Thursday, February 2, 2012

Montgomery superintendent and Daniel Pink discuss new ways to motivate teachers, students in book talk

Montgomery County superintendent Joshua Starr said he is “disappointed” and “astounded” at the national direction of school reform and its emphasis on standardized testing, but that Maryland’s largest school system can pursue a “third way” to improve performance by focusing on what motivates teachers and students rather than how they perform on an annual test, said superintendent Joshua Starr during his second book talk

Since No Child Left Behind was signed into law in 2002, “we’ve come to know so much more about brain research...and about how kids learn and how adults learn...Yet we choose to have a 180 departure from it,” he said.
(Josh Starr hosts his second book talk with author Daniel Pink. Photo courtesy Montgomery County Public Schools)
“We have missed wonderful opportunities to redefine what American education should be in the 21st century,” he said.

To stir new ideas about what helps teachers and students invest in their work, Starr invited author Daniel Pink to Rockville on Tuesday night to discuss his best-selling book “Drive,” which draws upon 50 years of research on the science of motivation.

As a new superintendent in Montgomery County, Starr proposed a series of book talks to introduce his educational philosophy to the community. The 90-minute conversation was filmed in front of a studio audience and broadcast on local television. A second group of parents and teachers watched the live event from a Barnes & Noble in Bethesda.

Pink told viewers that the prevailing wisdom about motivation — namely, that rewarding a certain behavior encourages it while punishing a behavior discourages it — does not hold true in today’s businesses or schools.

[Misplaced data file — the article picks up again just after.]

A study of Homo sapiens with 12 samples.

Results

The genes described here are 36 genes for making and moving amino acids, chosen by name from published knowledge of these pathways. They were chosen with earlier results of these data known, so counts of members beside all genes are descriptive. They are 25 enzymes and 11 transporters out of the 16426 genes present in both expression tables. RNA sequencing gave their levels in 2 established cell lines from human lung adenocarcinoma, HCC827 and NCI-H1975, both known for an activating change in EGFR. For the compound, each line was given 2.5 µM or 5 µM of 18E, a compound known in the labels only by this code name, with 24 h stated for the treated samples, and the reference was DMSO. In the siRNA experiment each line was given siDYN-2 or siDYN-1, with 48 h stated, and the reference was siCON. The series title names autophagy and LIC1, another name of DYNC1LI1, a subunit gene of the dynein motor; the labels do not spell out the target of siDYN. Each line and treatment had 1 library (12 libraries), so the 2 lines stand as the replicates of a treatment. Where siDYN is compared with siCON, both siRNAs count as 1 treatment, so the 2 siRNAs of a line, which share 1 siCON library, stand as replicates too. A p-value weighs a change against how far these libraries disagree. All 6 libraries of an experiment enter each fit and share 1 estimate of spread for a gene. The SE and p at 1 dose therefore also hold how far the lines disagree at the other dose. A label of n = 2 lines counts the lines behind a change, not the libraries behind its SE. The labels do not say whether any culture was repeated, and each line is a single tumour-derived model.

Extrinsic motivators, such as financial incentives, helped speed up assembly lines during the industrial age. But they don’t work as well to encourage the creative thinking or sound judgment needed in the more complex jobs that characterize today’s economy.

Despite the national push for merit pay, boosting teachers salaries is not a surefire motivator, Pink said. The key is to pay teachers — or any employees — enough, so they do not feel unfairly paid, but beyond that, they need to find motivation from the work itself.

A better way to motivate people nowadays is to give them more autonomy to direct what they do and how they do it.

In some ways, public schools are difficult places to introduce flexibility and autonomy, since they have long compliance checklists of federal and state requirements.

But Donna Redmond Jones and a teacher from Rosa Parks Middle School in Olney joined the conversation to talk about how they implemented ideas from Pink’s book.
(A second group of parents and educators watched the webcast from Barnes & Noble in Bethesda.)
They said teachers can be given more freedom to decide how they want to structure lessons or planning time and staff meetings. And students can be given more choices of activities or different ways to respond to questions or take notes.

For more on the discussion, an archived version in available on-line.